Have you ever thought you were over something? Or that you have learned to live with something? And then from somewhere something comes along and bites you on the arse and you think - crap, I'm not!
To be honest, I always knew that I would have to talk about this in my blog at some point because it has held such precedence in our lives so far. I just didn't think it would be as soon as my second entry.
Two miscarriages later, I found out that I was pregnant with Bethan. Although everybody kept telling me it would be fine, I had this niggling feeling that something bad would happen. And it did. At three days old she was rushed to a neonatal unit to have a 7 hour operation where she had 8cm of her bowel removed. I won't digress but as you can imagine blog, it has had a huge impact on our lives. As testament to her strength, Bethan is doing fabulously well and certainly keeps us on our toes.
Over 2 years and 10 months, and numerous CBT sessions to get over the 'post traumatic stress' AND another baby, later, you would think that the wounds would have healed.
However, last night, I was changing her bum (I know, I know, she should be potty trained by now but she isn't) and I saw what I thought was blood in her poo; a friend of mine also said that it had a blood-like colour to it. Suddenly, the fear and terror of that period in our lives came flooding back. I summoned Rob immediately from work who wasn't convinced it was blood and against all of his better judgement took Bethan (and the offending nappy) to see our GP. As is customary in this house, whenever there is a medical emergency, we take the temperature of the 'ill' person. (A neonatal hangover exasperated by my fervent reading of the British Red Cross "First Aid" book when I'm on the loo).
Her temperature was fine but immediately I started to catastrophise - all I could think was where this would lead...
I felt depersonalised but carried on with feeding and looking after Baby James ( I swear we will be calling him that when he is 21!).
The phone went.
It was Rob.
The red in Bethan's poo was no more than red food dye from her favourite strawberry jelly. I then felt bad not because of all of the hassle I had caused but because I thought that the GP would be aghast at the fact that I give my little girl strawberry jelly instead of fresh strawberries ( they're not in season anyway).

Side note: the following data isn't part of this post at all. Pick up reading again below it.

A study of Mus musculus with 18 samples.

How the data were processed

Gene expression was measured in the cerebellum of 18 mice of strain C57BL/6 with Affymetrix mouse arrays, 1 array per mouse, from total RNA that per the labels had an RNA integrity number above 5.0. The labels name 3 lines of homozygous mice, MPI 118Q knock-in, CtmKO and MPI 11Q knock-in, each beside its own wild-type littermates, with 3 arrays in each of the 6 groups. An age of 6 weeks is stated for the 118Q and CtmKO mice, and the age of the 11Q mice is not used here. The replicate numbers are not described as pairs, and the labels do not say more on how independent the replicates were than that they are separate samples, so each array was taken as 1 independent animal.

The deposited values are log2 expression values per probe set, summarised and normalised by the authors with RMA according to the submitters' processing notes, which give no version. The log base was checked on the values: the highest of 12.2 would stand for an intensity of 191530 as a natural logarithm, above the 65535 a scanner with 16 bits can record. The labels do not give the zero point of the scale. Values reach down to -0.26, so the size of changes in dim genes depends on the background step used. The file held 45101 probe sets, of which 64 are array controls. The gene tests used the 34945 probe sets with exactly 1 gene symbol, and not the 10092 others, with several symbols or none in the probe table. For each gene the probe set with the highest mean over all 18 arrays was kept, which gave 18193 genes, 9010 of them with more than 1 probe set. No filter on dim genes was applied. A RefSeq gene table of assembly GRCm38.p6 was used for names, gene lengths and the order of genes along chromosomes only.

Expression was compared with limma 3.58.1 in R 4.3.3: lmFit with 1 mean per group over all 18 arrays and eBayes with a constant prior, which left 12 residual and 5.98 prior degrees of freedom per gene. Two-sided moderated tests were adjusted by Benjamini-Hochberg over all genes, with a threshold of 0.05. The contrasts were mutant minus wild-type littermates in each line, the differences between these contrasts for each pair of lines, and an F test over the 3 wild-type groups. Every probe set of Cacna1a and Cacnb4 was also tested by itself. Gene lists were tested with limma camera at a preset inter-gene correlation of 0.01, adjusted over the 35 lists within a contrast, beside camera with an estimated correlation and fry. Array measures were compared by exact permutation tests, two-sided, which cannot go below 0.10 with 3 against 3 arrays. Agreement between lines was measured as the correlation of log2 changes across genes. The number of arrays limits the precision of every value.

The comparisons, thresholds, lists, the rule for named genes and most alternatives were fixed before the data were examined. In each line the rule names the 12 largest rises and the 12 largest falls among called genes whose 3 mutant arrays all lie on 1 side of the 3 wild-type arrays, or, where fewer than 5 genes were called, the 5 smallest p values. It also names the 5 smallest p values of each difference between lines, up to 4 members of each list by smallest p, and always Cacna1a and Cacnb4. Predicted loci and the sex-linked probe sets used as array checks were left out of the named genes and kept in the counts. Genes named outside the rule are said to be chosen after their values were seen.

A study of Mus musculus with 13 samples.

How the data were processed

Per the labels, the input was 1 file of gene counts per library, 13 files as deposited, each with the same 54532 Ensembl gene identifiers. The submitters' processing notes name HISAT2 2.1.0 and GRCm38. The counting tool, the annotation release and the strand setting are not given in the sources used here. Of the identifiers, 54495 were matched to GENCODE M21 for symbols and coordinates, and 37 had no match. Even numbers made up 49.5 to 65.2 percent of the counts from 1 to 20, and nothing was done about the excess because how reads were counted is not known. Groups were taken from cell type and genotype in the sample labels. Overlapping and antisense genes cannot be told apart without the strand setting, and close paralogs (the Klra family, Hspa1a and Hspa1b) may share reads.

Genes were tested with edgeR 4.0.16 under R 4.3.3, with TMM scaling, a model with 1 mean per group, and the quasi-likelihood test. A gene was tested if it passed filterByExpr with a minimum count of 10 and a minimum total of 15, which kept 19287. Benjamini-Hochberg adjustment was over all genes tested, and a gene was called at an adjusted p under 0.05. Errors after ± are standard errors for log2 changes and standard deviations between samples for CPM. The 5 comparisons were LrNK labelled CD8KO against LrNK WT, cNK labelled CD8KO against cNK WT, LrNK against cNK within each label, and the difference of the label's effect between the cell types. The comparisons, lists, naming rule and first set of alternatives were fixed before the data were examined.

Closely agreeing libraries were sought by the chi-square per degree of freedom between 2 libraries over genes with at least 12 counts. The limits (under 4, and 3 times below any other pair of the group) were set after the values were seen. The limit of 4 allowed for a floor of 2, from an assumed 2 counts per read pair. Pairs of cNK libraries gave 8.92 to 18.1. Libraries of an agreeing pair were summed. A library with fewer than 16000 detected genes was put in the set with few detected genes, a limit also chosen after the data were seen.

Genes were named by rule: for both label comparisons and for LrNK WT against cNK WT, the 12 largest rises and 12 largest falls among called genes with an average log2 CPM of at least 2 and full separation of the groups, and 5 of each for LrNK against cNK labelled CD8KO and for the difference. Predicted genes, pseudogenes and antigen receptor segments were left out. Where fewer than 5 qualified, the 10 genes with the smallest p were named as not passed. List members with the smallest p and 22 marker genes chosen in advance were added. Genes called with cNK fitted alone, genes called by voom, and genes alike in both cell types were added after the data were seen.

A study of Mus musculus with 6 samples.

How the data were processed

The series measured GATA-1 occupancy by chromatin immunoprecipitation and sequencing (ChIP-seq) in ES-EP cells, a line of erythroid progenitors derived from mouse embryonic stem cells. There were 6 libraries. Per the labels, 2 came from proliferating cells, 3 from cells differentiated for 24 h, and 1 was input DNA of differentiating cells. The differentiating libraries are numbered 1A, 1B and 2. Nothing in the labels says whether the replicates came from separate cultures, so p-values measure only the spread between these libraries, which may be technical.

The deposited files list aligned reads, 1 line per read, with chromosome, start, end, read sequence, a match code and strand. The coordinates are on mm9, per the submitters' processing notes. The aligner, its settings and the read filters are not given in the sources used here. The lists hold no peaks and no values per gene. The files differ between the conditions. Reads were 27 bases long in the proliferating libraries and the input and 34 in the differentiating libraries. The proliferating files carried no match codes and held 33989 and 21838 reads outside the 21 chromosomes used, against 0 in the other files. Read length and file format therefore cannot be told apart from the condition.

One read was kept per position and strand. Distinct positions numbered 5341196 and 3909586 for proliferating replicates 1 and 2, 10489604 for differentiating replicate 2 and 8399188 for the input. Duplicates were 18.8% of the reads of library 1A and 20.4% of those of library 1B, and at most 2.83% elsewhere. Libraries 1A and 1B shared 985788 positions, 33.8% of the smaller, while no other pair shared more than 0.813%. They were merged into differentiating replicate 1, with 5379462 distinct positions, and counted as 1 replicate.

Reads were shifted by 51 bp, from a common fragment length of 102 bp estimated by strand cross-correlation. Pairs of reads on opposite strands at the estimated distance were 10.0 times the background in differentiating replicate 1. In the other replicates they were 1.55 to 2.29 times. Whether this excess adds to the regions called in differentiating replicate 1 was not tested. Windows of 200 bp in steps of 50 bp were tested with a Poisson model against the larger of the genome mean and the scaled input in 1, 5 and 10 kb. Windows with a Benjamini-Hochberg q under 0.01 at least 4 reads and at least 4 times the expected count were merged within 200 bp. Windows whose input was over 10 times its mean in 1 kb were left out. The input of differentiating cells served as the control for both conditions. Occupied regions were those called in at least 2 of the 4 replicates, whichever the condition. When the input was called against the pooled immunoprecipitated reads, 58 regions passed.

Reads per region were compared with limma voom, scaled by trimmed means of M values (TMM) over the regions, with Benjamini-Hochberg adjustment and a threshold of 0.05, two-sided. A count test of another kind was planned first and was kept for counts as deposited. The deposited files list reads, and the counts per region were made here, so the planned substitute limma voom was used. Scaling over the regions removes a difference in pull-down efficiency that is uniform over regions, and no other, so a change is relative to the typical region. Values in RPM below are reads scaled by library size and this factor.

The trouble I have with aspiring to be an Alpha mum - the mum who has it and does it all, you know, the ones on TV and in newspapers and magazines, is that I always feel guilty and that I will never be as perfect as the mum stood beside me at the school gates. The trouble I have with aspiring to be an Alpha Mum WITH a child who has been so sick and on death's door, is that I feel even more guilty than the average aspiring Alpha mum because I blame myself when her poo isn't right. This still happens occasionally but we seem to have more solid stools than not! I think my scatological obsession equals (maybe rivals) that of Chaucer's. My mum says that I am a reader of nappies like a Mystic Meg is a reader of tea leaves.
One positive thing to come out of all this is that I realise how bloody blessed I am to have my wonderful wee family.
Oh, and before I went to bed - the paper chains fell down AGAIN!!!! (we keep persevering with them because they look so pretty when they are up!)
ABOVE: The paper chains falling down has become part of our nightly ritual; I will probably start twitching at 7pm each evening in January when the decorations have to come down.
ABOVE: But they look sooo pretty when we stick them back up again!